By the time Fred Hoyle inadvertently created the term “Big Bang,” this was the state of the universe debate.
Gamow and Herman made a specific prediction based on their calculations. They predicted the light left over from the Big Bang would have been in the 10-3 millimeter length 300,000 years after the Big Bang. Because the universe had been expanding, the light would have been stretched, or red-shifted, so that is was now about one millimeter in length. This is longer than visible light. One millimeter is in the microwave wavelength. Gamow and Herman called this cosmic microwave background radiation, or CMB radiation. This was a bold prediction, in the same league with Babe Ruth calling his shot in Game 3 of the 1932 World Series or Joe Namath predicting a Jets’ win over the heavily favored Baltimore Colts in Super Bowl III.
Unfortunately no one had taken up Gamow’s and Herman’s cause. There are many reasons for this. First, the Big Bang theory was still the minority view of most scientists. No one wanted to look for CMB radiation that might be there based on a theory that most people didn’t accept. Secondly, Gamow had a reputation as a bit of a jokester and wasn’t taken altogether seriously. For instance, he once said that heaven was 9.5 light years from earth. He based this on the fact that in 1904, at the outbreak of the Russo-Japanese War, many in Russia were praying for the destruction of Japan. It wasn’t until 1923 that a severe earthquake hit Japan. Gamow said, tongue in cheek, that prayers were limited by the speed of light and since it took 19 years for them to get to heaven and the response to get back, it must be 9.5 light years from Earth to heaven. A third reason that Gamow’s and Herman’s theory wasn’t worked on was it required a unique skill set. Their theory was based on the intersection of astronomy, nuclear physics and microwave detection. Almost no one had those skills and even if they did the technology to detect CMB radiation was in its infancy.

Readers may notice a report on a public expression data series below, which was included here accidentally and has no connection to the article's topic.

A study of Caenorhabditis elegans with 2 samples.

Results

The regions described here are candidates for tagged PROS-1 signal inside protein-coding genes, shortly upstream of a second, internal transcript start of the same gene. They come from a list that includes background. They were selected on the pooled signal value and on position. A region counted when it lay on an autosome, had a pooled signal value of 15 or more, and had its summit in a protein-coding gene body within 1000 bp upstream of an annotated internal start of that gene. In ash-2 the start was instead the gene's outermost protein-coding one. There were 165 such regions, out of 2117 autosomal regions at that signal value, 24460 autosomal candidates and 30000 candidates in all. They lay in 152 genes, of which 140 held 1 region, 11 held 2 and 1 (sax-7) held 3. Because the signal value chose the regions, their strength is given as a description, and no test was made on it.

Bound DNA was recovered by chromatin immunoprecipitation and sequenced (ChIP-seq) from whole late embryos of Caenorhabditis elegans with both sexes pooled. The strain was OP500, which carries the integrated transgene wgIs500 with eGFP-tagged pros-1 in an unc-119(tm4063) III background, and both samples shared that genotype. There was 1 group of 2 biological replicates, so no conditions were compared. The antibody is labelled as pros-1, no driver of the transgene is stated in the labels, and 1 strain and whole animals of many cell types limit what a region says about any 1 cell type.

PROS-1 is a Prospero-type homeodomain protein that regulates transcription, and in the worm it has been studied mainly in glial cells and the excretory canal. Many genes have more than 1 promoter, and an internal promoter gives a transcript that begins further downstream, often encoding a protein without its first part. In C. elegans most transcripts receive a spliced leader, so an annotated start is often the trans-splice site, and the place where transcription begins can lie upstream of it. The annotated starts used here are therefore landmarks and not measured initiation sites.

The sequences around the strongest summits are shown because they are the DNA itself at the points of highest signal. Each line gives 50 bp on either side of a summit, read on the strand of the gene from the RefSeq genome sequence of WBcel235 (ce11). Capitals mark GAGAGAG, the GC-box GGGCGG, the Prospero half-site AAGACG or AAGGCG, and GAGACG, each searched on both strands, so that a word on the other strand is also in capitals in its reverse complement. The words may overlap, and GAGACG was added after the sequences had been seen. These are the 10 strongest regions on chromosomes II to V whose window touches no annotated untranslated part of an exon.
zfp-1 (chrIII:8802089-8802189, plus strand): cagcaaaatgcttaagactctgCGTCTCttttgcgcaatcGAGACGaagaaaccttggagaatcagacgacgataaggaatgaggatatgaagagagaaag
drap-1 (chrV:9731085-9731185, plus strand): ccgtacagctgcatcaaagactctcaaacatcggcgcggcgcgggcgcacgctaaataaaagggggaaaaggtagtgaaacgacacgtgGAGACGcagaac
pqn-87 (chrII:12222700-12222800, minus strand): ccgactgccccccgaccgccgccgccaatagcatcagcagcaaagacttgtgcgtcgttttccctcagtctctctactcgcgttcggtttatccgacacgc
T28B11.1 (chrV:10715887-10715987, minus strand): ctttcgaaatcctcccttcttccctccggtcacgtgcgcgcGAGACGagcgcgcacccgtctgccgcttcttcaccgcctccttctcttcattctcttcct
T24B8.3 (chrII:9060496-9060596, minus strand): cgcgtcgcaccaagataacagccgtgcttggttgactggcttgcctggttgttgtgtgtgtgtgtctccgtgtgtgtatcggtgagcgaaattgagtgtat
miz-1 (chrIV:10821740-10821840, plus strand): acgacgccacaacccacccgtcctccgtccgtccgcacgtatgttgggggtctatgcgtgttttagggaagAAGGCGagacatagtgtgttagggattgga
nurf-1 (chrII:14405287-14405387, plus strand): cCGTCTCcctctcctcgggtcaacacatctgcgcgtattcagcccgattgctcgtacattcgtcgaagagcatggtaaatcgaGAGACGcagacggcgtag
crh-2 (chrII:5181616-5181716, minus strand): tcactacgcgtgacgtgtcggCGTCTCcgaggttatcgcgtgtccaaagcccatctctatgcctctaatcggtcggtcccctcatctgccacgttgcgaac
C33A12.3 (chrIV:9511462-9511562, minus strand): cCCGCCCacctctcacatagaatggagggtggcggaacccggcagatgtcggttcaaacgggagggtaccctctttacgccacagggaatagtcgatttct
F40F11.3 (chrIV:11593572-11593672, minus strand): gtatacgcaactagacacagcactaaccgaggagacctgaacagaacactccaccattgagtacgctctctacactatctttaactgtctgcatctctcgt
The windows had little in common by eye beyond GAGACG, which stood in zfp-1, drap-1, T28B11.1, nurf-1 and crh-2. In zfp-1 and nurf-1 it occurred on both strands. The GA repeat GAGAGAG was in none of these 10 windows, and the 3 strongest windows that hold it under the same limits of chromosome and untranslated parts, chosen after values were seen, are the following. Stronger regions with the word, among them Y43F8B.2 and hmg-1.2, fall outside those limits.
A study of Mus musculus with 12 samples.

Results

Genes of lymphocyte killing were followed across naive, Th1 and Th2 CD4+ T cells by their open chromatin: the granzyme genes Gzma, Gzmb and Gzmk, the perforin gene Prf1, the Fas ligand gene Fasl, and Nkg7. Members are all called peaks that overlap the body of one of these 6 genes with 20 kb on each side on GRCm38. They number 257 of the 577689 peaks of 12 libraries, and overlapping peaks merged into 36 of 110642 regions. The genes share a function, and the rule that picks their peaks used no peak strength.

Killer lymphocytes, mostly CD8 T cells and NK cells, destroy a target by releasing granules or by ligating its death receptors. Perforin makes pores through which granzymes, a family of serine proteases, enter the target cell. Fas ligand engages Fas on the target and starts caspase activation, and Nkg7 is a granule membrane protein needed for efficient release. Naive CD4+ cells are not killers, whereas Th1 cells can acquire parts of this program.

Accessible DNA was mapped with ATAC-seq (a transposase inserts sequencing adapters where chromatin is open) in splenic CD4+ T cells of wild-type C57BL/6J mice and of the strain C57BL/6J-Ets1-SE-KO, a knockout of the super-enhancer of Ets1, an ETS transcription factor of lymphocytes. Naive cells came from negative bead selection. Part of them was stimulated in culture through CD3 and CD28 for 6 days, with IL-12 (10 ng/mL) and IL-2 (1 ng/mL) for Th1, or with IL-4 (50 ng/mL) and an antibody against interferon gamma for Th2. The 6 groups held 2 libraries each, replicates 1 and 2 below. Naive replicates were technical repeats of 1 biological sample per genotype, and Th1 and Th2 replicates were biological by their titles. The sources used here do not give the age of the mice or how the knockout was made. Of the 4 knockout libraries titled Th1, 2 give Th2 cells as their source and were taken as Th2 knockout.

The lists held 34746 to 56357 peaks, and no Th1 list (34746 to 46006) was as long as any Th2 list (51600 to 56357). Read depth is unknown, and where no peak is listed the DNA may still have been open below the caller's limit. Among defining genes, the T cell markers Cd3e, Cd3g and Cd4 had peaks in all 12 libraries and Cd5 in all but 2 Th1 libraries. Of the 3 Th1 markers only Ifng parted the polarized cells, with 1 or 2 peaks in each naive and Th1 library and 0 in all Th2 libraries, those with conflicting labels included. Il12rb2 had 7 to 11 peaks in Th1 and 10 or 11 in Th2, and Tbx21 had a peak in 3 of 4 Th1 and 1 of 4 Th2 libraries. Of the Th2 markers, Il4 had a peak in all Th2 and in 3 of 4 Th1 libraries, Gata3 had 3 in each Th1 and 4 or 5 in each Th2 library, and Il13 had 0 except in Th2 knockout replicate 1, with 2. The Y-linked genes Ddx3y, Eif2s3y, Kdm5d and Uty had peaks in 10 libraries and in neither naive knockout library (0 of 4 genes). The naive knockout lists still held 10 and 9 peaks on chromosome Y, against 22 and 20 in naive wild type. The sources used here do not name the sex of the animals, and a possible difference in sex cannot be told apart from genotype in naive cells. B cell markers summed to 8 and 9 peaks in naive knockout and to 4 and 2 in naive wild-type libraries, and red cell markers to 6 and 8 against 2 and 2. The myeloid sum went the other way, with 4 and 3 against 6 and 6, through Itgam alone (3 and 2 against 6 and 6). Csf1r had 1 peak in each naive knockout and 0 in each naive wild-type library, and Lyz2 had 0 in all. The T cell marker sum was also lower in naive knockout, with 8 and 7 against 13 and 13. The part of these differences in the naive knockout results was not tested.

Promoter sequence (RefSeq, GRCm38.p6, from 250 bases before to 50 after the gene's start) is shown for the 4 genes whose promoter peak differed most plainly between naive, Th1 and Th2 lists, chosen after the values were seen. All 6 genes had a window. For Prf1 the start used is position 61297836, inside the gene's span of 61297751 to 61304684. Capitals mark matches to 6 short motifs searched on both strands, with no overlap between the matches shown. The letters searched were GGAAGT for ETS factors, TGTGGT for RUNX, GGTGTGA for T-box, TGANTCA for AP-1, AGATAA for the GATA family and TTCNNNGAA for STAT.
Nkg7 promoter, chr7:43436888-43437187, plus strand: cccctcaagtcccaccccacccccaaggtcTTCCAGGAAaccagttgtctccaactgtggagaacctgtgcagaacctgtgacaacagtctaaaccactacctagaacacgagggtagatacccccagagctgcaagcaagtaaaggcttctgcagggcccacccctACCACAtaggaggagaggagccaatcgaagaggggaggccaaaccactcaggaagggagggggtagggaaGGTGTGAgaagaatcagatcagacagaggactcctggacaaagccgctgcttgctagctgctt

This intersection of astronomy and nuclear physics comes as a result of running the expanding universe predicted by Friedmann and Lemaitre and demonstrated by Hubble backwards to its logical end. As the universe contracts back on itself it becomes more and more compact. Its curvature becomes greater and greater until, at the instant of the Big Bang, it has infinite curvature. Mathematics abhors infinity. It simply can’t deal with it. It’s like trying to divide by zero; it can’t be done. General relativity breaks down when the curvature becomes infinite. Physicists had to turn to other models to predict what happened. Those other models are in the realm of nuclear physics, or particle physics as it has come to be called. To fully understand the birth of the universe, one had to understand not only the cosmos as it is today, which is the realm of general relativity, but also what went on from those first crucial nanoseconds after the explosion, when temperatures were in the millions of degrees and no matter existed; the universe was composed completely of energy, to about five minutes after the explosion when atomic nuclei began to form. And then, after the first 300,000 years, for the next ten million years or so, how did the lighter elements like hydrogen and helium
combine to form heavier elements?
You can begin to see why many physicists still clung to the eternal universe theory. The implications of the Big Bang are staggering. Besides the question “how did it happen” there is the question, “how did we get from the plasma soup to stars, galaxies and planets.” It’s much easier simply to say that the universe has always looked like it does and always will. It was never created and it will never end. It just is. With the new life breathed into the Steady State view by Hoyle, Bondi and Gold the debate took on some aspects of trench warfare during World War I with both sides staring at each other across a no-man’s land.